Inside/Out - Blind Entrepreneurialism Breeds Success
The highly successful chairman of a large IT company finished his sandwich and continued the discussion with his guests. The subject had turned to the early days when he left IBM to form the company. It had started with two partners literally operating out of the back of a car.
"Twenty-five years ago, when we left Big Blue, even though we offered to stay on for a month to wrap up our projects, we were out the same day," he explained. "We had no office, only an idea and a plan." He described how the pair of systems engineers had decided that there was a large market in a particular industry for time-shared services. Sort of an early version of what has, today become known as outsourcing.
Dressed in a golf shirt and slacks, it is hard to imagine Bill, (not his real name), as the head of a worldwide operation with thousands of employees. He answered the obvious question by pointing out that he was now only the chairman. The CEO ran the business, leaving Bill free time to pursue his interests, which include directorships on about a dozen boards, only two of which are corporate -- the rest are volunteer charitable commitments.
Even in casual dress and at a relaxed lunch it is clear why Bill was able to create such a successful business from scratch. A frugal man by his own description, he is a hard charging, focused individual with a direct way of talking that gets his points across in no uncertain terms.
As the discussion about the start-up of his business came to a close he added, "You know, if my partner and I had known then what we did shortly after we were shown the door at IBM, we would never have started this business." That comment brought his three guests up short. "IBM had a piece of software that was the basis for our new venture," he added. "And we were visiting an IBM account where it was installed to develop it as a reference site when the DP manager called us aside and said, 'Don't you know that software doesn't work?'" Of course by now the bridges back to IBM had been burned, and there was little else the fledgling partnership could do but forge ahead.
Today, that early company-killing shocker is only an anecdote. However, it is not unique. Entrepreneurs, no matter what industry they enter, face problem after problem. Successful ones often look back over the path they have made for themselves and see the lucky blind spots that ultimately led to their success.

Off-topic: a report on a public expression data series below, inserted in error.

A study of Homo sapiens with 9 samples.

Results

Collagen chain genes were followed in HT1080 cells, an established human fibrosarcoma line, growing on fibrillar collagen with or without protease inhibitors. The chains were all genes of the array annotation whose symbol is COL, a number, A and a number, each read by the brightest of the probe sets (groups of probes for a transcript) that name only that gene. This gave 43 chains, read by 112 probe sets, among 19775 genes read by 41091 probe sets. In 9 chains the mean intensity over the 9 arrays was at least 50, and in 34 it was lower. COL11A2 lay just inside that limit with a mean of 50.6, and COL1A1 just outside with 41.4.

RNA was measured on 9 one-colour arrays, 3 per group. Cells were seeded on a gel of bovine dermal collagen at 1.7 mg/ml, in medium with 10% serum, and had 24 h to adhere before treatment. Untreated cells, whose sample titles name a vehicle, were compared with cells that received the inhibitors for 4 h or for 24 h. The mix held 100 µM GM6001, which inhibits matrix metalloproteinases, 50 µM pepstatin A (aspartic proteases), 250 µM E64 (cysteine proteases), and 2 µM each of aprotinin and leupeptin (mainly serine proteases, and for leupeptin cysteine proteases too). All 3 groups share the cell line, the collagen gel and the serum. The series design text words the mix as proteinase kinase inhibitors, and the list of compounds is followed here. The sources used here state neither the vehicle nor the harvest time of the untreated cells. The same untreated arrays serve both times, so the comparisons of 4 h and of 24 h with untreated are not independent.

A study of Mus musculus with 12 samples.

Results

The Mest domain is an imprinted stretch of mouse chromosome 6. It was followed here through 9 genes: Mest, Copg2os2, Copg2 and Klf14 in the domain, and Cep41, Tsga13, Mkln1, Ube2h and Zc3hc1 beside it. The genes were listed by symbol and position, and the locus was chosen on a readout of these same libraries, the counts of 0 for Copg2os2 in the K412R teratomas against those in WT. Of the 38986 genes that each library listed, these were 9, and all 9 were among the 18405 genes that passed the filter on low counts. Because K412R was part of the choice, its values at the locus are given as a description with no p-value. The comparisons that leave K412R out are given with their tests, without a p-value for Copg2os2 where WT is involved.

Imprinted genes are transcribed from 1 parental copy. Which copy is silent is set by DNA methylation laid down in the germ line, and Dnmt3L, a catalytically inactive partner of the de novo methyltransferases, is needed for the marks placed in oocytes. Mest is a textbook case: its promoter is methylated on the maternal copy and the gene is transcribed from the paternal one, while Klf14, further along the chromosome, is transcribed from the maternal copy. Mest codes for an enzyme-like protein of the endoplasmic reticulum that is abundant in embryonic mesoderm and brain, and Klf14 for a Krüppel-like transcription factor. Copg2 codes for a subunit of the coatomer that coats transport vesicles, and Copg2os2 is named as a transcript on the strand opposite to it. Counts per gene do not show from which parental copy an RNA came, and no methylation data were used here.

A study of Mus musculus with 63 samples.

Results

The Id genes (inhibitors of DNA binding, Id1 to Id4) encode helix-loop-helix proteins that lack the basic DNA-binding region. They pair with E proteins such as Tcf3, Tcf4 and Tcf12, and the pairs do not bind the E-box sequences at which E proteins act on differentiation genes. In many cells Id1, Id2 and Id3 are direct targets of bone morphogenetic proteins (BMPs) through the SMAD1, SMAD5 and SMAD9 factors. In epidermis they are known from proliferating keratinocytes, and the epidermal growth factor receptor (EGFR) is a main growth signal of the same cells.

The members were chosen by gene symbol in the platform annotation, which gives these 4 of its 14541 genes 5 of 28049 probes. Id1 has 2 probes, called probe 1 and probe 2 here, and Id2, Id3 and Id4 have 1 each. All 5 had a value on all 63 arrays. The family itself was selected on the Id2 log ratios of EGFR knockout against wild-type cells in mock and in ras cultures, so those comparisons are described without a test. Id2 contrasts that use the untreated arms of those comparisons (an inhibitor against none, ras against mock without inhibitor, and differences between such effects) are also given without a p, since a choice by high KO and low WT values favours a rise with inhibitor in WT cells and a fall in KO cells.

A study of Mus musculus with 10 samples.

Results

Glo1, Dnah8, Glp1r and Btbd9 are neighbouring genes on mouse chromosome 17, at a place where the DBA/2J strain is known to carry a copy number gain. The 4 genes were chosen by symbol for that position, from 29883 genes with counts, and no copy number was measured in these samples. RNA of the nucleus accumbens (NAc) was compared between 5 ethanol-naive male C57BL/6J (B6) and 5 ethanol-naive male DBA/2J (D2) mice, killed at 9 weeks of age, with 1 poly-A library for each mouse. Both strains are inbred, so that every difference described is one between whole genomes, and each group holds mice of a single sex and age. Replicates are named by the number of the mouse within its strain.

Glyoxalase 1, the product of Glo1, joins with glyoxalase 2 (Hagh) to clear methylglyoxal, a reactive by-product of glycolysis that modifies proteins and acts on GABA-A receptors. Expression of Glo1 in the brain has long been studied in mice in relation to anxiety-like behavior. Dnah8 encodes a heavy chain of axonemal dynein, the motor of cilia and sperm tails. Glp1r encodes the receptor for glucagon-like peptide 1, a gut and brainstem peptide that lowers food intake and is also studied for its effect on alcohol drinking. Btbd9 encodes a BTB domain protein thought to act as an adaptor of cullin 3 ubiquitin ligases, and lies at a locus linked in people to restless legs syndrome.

Bill and his partner thought they had it made with the ready-to-go IBM software. That wasn't the case. Instead, they learned how to make their business succeed without it. The IT world is built on the quiet fortitude and unbridled optimism of thousands of entrepreneurs like Bill. But sometimes the only ones we hear about are the few who use the press to promote themselves and the value of their company's stock.
There are many more like Bill, however. These people start companies, provide income and security to hundreds or thousands of employees and their families, and they go about their business in quiet unassuming ways. For many of them, their wealth then becomes an opportunity to help others by applying their leadership and persuasive skills, not from a speaker's platform or with sound bites for reporters, but in one-on-one interactions with others.
As a local board member of a national youth organization, Bill spent a two-hour lunch with his guests solely to interest them in starting some small programs that might help 10 or 20 high school students learn about different kinds of careers. His guests were duly impressed with Bill's proposition and it's fair to say that this IT entrepreneur closed yet another order.
Entrepreneurs have fortunate blind spots that enable them to see things others don't. And when they succeed like Bill has, they transfer their energy to other activities. Bill is "blind" to the obstacles making it difficult to educate youth about the world of work. And he transfers his enthusiasm and persistence to his lunch guests. Now they are committed, too. Three cheers to the "blind entrepreneurialism" that fuels our industry, and, in Bill's case, his dedication to volunteer service.
--After 18 years in marketing and sales at IBM, Bob Diefenbacher founded Denbrook Systems Associates, an IT consulting firm based in Malvern, Pa. firstname.lastname@example.org.